End All Economic Nonsense

When it comes to government it's difficult to imagine anything that isn't economic nonsense. Almost by definition the government takes a dollar in taxes and returns less than a dollar in benefits, which is surely nonsensical for taxpayers.

In an attempt to be generous, however, I will only suggest ending egregious economic nonsense, arbitrarily defined as economic nonsense costing taxpayers more than $1,000,000,000,000.

First - balance the Federal budget. The annual budget deficit was almost $1 trillion in the year ending September 30, 2019, before the Coronavirus outbreak. There are many reasons why economists sometimes claim budget deficits are not problematic, but it's not so popular to explain why they are a good idea. Usually it boils down to 'we can, therefore we should' spend money. The unstated assumption is Federal spending is good for Americans. I agree it is always good for a few Americans, but see zero evidence it is good for all Americans, which should be the standard by which Federal spending is judged. Spending more money than you are currently collecting in taxes just pushes the payback onto future generations. America is a rich country and we can afford to pay as we go, balancing the Federal budget puts us on the right track.

Second - reduce the national debt, which right now stands at over $20 trillion. The last American president who made a serious effort to pay off the national debt was Calvin Coolidge in the early 1920s. One hundred years later and not a single president has bothered to even try to reduce it. The biggest problem with the national debt is political - it gives politicians cover for wasting money. There is no practical reason for having any debt at all, except if the United States is under attack from abroad, when no expense is spared in defending ourselves from aggression. A modest budget surplus every year, applied to the national debt, would be painless to taxpayers and good discipline for politicians. Let's do it.

Third - abolish the Federal Reserve. The original excuse for creating the Federal Reserve came from rich bankers, who got tired of paying for their own irrational exuberance. It was supposed to be a lender of last resort, with a dual mandate of price stability and low unemployment. Although these goals are contradictory the Fed has done poorly on both counts. From 1776 through the Fed's arrival in 1913 total inflation was 14%. Since then total inflation has been 2,504%. Meanwhile we have had the Great Depression, the Great Recession, and now the Coronavirus depression. In all three instances the Fed has only managed to partially make up for the problems it created in the first place. Money is not evil, but politicians are, and they should not be given the power to print money to spend (usually for the sole purpose of buying votes).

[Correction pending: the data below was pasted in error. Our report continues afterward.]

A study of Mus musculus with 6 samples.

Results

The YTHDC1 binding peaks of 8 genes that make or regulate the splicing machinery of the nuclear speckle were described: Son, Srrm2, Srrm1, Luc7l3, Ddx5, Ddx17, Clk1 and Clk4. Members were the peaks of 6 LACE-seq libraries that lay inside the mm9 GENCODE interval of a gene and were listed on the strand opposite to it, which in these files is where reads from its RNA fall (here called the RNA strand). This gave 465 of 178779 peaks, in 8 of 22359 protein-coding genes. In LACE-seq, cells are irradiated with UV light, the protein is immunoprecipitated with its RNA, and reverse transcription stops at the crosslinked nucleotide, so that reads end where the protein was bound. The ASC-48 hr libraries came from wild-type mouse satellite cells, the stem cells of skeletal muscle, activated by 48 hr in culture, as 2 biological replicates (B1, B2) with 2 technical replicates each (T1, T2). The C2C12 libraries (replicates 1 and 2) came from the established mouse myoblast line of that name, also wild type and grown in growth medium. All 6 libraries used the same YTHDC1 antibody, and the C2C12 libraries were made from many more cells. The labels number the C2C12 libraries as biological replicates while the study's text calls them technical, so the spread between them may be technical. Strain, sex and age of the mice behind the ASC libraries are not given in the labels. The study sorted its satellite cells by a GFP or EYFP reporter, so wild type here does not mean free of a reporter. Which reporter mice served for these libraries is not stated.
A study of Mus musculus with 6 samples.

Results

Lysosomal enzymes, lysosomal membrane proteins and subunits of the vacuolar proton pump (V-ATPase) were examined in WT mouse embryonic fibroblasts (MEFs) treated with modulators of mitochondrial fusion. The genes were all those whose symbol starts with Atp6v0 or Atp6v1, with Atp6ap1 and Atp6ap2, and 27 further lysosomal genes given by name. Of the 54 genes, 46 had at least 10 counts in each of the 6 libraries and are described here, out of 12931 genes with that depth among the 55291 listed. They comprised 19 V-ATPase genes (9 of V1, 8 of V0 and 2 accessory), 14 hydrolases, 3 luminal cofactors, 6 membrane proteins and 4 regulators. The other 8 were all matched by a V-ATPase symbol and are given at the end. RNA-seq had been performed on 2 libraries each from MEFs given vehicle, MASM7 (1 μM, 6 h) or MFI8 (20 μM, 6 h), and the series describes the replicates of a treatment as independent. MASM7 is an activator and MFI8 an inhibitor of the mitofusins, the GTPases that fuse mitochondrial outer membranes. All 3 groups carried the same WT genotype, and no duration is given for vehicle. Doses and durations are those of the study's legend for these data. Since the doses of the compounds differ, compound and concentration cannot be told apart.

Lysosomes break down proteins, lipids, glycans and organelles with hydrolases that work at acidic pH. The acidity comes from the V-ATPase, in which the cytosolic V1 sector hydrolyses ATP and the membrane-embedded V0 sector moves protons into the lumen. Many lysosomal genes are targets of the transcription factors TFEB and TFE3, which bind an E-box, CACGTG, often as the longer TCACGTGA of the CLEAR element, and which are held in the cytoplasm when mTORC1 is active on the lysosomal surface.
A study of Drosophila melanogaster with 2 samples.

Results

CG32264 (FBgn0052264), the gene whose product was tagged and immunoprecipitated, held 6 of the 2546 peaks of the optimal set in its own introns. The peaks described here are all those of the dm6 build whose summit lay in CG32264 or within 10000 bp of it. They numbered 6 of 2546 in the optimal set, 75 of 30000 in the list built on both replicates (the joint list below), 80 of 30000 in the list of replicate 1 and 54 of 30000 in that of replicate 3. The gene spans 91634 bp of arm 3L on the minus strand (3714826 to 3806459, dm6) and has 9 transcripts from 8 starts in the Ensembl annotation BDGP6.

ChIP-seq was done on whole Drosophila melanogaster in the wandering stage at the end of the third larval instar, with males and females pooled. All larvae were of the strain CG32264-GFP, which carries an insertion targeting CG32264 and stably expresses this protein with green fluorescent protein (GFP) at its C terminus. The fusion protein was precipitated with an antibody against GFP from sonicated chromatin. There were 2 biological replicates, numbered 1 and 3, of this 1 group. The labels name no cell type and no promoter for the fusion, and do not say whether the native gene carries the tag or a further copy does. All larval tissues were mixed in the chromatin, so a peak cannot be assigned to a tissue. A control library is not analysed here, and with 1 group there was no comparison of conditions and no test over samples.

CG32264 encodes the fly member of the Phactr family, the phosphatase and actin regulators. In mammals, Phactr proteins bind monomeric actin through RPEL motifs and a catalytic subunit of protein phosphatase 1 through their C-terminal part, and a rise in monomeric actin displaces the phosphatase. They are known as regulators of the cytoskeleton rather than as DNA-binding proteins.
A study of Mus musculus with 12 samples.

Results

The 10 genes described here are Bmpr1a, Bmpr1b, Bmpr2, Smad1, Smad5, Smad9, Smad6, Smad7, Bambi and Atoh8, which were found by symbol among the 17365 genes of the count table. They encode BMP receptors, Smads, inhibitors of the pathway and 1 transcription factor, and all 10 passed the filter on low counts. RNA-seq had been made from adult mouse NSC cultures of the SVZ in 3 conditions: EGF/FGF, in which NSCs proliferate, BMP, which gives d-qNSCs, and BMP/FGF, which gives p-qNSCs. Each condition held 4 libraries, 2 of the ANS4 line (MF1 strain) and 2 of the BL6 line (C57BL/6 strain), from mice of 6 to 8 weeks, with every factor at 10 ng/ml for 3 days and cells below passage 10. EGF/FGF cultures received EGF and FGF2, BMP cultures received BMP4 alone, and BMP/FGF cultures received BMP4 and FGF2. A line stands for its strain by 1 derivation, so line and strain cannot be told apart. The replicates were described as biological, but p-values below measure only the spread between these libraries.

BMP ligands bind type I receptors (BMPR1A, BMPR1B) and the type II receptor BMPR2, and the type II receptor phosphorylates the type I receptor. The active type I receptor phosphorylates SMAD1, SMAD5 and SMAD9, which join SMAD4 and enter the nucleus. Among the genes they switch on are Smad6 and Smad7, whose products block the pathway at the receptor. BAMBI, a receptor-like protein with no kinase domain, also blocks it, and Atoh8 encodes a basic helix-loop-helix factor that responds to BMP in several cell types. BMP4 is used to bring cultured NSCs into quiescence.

Fourth - reform entitlement programs. The biggest economic nonsense of all is a promise to pay people later, if they will pay their taxes today, when basic arithmetic says we will not be able to do so. 'Saving' Social Security and Medicare sounds like a good idea, but they can't be saved in their current form because politicians are hooked on lying about what it will take. It will be smarter to reform these programs today, so they can last forever. This will require either perpetually honest politicians, or privatization. I have more confidence in the latter. Some people are fearful Wall Street will just get rich from privatization, but that is highly unlikely, since competition will force efficiencies up and prices down. Administrative fees for a broad based index fund, an intelligent choice for a private pension fund like a 401(k), are as low as zero percent today. Sweden has private pension funds - there is no reason America does not.